Quick Training for War
This pocket-sized book was written and published during the first few weeks of The Great War, in four “editions” or printings amounting to 65,000 copies, but there’s no evidence that any of them ever made it to the battlefields. Who bought all those books?
Baden-Powell is sufficiently vague about some topics, that one can be forgiven for finding a marketing motive behind the simultaneous pairing of references to his Scouting books along with his hints of sage advice. But British military officers, NCOs, and the adult soldiers they led presumably were all at least a few years beyond reading such publications.
A careful examination of the cover illustration reveals the book’s true audience. It portrays, in silhouette, a dapper, tight-capped, mustachioed military officer, who is haranguing a quintet of raw recruits who have apparently just reported for duty (despite their possession of rifles). Four of these, by virtue of their poor posture and mismatched, unmilitary headgear, are obviously meant to be slack-jawed yokels. The fifth silhouette, shorter than all the others and at the far end of the ragtag and bobtail rank, but nattily attired in regulation paramilitary pinched-crown sombrero and crisp neckerchief, is clearly identifiable as a Boy Scout.
The message: The Boy Scout is The Officer of The Future.
Unfortunately, The Future had already arrived, and it needed more and better officers (and it needed them sooner) than the retired Baden-Powell could produce. The fact that the author had begun his military career back in the days when people wore woolen or flannel belly binders in the belief that they prevented cholera (and because he didn’t bother to define the term “cholera belt” when telling that story), is but an early instance of the kinds of incongruities that would plague the prosecution of the First World War by its illustrious leadership.
For example, his suggestions for the construction of trenches and their appropriate placement are insightful, but they’re still governed by the assumption that warfare would always be a matter of brisk movement, with heavy dependence upon horses to carry the day, instead of the immobile abattoir that modern artillery and machine guns had already made of it, by September of 1914.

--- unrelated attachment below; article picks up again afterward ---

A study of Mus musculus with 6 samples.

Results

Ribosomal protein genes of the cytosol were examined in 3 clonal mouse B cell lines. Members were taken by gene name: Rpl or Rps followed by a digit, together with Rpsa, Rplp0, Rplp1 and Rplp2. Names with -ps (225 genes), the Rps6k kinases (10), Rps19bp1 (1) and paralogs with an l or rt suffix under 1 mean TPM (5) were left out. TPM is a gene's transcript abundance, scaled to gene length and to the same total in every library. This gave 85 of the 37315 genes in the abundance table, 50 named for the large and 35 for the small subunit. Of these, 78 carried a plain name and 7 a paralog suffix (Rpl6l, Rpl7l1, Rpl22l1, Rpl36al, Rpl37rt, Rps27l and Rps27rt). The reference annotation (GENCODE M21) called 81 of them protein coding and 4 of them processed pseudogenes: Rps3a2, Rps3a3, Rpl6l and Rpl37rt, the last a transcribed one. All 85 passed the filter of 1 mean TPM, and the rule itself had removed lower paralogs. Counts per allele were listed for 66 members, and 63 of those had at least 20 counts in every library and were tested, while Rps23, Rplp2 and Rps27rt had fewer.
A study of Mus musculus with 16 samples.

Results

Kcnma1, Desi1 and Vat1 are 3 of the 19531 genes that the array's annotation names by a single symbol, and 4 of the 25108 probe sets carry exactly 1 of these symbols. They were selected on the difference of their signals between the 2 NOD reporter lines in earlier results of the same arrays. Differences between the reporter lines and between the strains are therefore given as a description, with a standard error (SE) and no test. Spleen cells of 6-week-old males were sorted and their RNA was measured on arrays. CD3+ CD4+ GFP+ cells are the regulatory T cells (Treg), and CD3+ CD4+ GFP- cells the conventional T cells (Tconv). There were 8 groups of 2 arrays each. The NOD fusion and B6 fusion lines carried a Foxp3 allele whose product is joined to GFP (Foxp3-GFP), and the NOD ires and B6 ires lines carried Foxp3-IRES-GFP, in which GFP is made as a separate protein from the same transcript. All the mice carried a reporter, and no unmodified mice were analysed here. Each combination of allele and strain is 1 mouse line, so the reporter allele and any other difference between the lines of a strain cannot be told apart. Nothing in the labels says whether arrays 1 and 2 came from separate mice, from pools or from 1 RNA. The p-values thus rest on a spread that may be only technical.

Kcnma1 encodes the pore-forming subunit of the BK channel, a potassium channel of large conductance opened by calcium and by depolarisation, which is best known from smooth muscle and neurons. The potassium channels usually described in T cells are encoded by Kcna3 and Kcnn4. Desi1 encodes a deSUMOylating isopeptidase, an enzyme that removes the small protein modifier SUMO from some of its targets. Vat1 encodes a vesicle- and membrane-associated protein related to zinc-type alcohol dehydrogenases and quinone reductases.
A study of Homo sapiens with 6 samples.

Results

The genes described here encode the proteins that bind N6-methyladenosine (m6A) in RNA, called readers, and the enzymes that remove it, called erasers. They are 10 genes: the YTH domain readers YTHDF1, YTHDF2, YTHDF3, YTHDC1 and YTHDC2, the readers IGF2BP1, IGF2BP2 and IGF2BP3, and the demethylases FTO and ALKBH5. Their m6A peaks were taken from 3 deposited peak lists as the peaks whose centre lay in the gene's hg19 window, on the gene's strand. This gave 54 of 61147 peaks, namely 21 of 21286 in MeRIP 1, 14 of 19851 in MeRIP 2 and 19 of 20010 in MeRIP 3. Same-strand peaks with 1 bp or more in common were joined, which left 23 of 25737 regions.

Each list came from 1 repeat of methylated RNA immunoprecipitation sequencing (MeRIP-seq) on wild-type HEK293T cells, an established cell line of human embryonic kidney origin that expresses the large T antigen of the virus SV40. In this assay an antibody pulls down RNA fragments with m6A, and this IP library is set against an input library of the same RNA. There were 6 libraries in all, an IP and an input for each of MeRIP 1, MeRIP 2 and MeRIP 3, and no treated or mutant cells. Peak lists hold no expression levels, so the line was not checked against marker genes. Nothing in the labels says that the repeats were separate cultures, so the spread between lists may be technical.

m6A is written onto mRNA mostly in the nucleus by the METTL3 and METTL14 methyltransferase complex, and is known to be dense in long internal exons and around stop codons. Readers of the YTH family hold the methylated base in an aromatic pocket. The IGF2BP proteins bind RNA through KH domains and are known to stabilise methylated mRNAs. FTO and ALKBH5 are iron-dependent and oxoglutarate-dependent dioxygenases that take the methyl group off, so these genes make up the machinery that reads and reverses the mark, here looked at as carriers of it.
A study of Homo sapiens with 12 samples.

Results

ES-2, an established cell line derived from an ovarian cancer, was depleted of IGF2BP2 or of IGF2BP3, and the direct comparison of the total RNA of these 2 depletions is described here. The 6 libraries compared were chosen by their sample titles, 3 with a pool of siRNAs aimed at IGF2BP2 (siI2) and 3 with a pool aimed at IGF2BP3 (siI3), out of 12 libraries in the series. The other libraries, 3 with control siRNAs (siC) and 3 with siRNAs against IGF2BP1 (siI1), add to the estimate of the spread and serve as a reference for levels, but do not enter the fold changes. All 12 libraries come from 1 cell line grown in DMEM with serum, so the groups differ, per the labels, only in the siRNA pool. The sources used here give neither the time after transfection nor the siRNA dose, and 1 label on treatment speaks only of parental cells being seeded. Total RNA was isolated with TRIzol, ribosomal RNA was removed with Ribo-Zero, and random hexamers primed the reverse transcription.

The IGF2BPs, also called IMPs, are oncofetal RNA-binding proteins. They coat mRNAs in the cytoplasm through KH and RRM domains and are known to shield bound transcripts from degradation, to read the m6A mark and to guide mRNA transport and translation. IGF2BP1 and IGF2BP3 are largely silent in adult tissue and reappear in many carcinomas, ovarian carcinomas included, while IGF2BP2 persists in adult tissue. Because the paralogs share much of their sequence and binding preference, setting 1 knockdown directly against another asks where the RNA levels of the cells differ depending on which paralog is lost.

When he makes the apparently perplexed statement, “In the South African campaign we had 18,000 men admitted to hospital for wounds, but nearly 400,000 for sickness, though South Africa is not such a very unhealthy country,” only to follow it 30 pages later with, “The old soldier who carries his ‘billy’ filled with the scraps from the last meal and merely has to heat it up on a little fire at a convenient halt is the envy of all his comrades, and is the healthiest and cheeriest among them,” we can tell he’s writing purely from the position of an officer who’d always had a batman to cook fresh food for him at every meal not eaten in an officers’ mess.
In 1914 the importance of refrigeration was well known (even if a refrigerator was still an icebox), and the microbiologist Robert Koch (1843-1910) had long before established the principles of bacteriology (including his verifying the bacterium that causes cholera, which previously had been isolated in 1854). If Baden-Powell had ever had to eat unrefrigerated leftovers that had been incubating bacteria for many hours in an unsanitary mess kit, he might have made the connection between food poisoning and the excess morbidity among the troops during the Second Boer War. There’s nothing enviable, healthy or cheery about nausea, vomiting, diarrhea, and dehydration (with its risk of death) from food-borne gastroenteritis.
Novelists will find Quick Training for War to be a handy period resource for character attitudes, as well as some combatant practices of the day. But for safety’s sake, a casual reader should confine attention to the author’s motivational aphorisms, which do have some psychological validity.